Telling the Bees

Image of Telling the Bees
Release Date: 
May 26, 2013
Putnam Adult
Reviewed by: 

Peggy Hesketh’s debut novel Telling the Bees is a tender portrait of Albert Honig, a lifelong beekeeper and elderly bachelor. Each chapter begins with a detailed and fascinating bee fact and goes on to detail Albert’s various meditations on bees, philosophy, and human nature.

The novel begins with the tragic murder of Albert’s elderly neighbors, Hilda and Claire Straussman—both sisters who never married—and ends with their murders finally and fully solved. This isn’t a mystery novel, so much as a quiet love story between Albert and Claire and Albert and his bees written in skillful prose.

Front and center of this novel is a universal quandary: Why can we forgive in death what we cannot forgive in life? Albert Honig is estranged from the Straussman sisters for 11 full years before their murders. Yet it is only when Claire and Hilda die that griefstricken Albert regrets the estrangement and wishes they had reconciled. He especially wishes he had reconnected with Claire, a woman he ineffectively loved in secret since boyhood. Indeed, Albert’s inaction is one of the major flaws of this novel.

Albert Honig is an unlikeable character, which would be fine, even welcome, if he took action and proved more interesting. Because the entire book is dedicated to Albert’s Puritan and loquacious narration of the past, there’s the sense of little at stake in the now of the novel and little if any tension throughout.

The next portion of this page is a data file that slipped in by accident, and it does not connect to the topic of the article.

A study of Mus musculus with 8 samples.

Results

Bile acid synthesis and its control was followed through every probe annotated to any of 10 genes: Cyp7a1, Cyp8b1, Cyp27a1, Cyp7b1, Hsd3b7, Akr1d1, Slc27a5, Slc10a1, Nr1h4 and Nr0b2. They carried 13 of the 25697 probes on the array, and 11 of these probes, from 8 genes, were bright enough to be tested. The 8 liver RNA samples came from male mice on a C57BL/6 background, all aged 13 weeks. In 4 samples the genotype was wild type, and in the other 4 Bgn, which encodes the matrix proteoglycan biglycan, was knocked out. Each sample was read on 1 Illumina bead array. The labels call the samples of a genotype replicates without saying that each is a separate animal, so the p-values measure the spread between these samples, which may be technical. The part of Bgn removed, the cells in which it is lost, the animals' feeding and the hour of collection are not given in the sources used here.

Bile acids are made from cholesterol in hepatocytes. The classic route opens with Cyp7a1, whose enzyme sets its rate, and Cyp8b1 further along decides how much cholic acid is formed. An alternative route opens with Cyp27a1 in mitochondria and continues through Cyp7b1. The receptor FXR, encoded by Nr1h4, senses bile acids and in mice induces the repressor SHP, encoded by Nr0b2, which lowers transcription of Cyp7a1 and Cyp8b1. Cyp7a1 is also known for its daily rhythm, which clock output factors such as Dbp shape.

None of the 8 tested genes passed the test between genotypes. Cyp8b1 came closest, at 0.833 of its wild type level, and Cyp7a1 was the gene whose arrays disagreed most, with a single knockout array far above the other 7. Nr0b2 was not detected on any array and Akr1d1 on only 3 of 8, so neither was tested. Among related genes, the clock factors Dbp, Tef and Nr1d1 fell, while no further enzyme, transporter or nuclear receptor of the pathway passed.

There’s also little sense of a larger context to Albert and his world, making the novel feel contrived: for most of the novel Albert Honig only appears on stage whenever crime investigator, Detective Grayson, questions him about the Straussman sisters’ murders, as though between these meetings Albert is merely waiting in the wings, inert until called to life to narrate the history of the Straussman family, whereupon he’s all talk and no action.

The novel ends strongly.

The final chapters are interesting and emotionally charged. Albert Honig, now in his 80s, meditates on his death and the death of his beehives. The answer to the central quandary—Why can we forgive in death what we cannot forgive in life?—is perhaps that we deny our mortality. We hold onto our pain and anger and refuse to forgive because we insist on discounting death and in believing that there will always be time to reconcile with ourselves and with others.

Albert Honig’s growth in this novel, such as it is, seems to be that he confronts mortality and edges toward recognition of the waste of lives that are little lived, his own included.